Street Law, Inc. and The Supreme Court Historical Society present

Landmark Cases of the U.S. Supreme Court

This is a strategy that has students learn about a concept or case and then teach other students. 

  1. Select several concepts or cases that you want the students to grasp.  You should select 3-6 concepts or cases. 
  2. Put the students into groups. If you select 3 topics, you need three students in each group, if you select 4 topics, you need 4 students per group, etc.  Assign a letter to each group.  These are the students’ HOME groups.  Have them all write their home group letter at the top of their worksheet.  Then assign one student in each group to each case or concept. For example, if you were doing a jigsaw with student speech cases, one student would be assigned to Hazelwood v. Kuhlmeier, one to Tinker v. Des Moines, one to Bethel v. Frasier, etc.
  3. Now have the students regroup by case or concept.  All the students assigned to the first case or concept in one area of the room, and the second in another area, the third in another area and so on.  These are the Expert Groups.  If there are more than 4-6 students for each case or concept, have them split into two or more expert groups.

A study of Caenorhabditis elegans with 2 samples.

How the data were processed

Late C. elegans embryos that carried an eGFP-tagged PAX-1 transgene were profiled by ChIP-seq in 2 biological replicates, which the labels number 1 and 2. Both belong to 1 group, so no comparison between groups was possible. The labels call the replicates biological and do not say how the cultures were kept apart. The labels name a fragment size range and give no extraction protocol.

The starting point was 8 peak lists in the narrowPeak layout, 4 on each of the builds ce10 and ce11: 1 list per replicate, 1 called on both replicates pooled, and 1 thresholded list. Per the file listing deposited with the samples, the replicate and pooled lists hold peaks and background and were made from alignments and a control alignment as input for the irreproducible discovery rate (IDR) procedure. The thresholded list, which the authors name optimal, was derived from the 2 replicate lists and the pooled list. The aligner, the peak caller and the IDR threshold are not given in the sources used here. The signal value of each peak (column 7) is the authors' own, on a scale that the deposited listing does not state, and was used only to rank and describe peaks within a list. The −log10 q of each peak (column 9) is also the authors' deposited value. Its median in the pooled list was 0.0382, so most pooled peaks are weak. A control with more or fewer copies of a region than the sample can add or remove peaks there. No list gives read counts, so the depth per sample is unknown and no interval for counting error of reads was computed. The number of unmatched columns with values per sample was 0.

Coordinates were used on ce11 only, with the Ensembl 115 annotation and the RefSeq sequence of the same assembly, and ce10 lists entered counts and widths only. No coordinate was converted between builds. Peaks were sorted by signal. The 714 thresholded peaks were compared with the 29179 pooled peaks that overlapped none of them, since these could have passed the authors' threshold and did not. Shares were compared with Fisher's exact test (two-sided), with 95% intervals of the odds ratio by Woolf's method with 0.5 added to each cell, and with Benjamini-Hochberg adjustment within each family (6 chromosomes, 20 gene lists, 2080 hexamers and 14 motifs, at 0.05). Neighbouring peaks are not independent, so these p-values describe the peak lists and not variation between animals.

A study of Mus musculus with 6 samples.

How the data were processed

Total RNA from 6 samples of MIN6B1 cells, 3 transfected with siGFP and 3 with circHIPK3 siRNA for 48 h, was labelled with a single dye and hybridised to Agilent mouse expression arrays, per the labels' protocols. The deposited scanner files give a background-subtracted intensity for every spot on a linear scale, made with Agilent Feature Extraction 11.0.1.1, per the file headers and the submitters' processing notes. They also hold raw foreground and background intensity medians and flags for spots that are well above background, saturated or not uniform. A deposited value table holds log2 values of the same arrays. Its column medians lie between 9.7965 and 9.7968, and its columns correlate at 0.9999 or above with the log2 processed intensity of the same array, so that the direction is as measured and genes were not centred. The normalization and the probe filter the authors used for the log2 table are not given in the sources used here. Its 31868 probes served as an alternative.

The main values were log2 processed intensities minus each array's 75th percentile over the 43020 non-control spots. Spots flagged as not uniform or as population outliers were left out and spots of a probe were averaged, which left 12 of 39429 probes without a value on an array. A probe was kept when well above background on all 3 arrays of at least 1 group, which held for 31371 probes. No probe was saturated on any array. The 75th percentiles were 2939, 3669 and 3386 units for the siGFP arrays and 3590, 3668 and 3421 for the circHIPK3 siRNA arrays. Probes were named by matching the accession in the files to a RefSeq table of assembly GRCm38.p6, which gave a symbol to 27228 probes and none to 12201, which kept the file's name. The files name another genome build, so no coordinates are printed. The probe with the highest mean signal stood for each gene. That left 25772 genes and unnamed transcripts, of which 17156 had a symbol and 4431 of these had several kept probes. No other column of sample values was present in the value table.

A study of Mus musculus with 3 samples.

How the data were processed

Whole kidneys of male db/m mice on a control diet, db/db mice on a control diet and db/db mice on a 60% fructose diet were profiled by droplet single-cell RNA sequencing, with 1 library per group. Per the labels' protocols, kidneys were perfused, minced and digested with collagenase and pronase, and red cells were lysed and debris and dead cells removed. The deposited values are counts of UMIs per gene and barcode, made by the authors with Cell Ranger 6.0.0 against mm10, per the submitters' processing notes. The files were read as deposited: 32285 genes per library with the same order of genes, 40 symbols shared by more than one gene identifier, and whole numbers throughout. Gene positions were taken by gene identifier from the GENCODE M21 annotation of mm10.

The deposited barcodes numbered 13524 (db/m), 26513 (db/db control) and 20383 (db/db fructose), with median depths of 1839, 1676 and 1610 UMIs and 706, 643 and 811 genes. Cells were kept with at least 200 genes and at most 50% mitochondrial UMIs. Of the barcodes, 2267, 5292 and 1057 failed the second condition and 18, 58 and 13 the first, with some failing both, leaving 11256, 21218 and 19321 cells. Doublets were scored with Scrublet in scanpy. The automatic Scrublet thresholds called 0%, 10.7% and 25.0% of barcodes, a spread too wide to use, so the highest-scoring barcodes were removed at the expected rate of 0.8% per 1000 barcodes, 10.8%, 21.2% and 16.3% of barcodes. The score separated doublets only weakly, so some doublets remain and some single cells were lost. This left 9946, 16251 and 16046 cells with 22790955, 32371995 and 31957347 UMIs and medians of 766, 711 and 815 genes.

4. Give each expert group a reading about their topic or case.  It should be a page or less in length. The expert groups should all read their material and then discuss it and answer any questions.  They should then decide which portions of the material the students in the other groups need to learn about.  They should create a list of points to teach other students. 
  5. After the allotted expert time, ask students to return to their HOME (letter) groups.  Each student (or pair if you have uneven numbers) will be asked to spend 5-7 minutes teaching their other group members about their case or concept. Other students should take notes and ask questions.
  6. At the conclusion, every student should have studied one case or concept in depth and learned about several others from their HOME group members.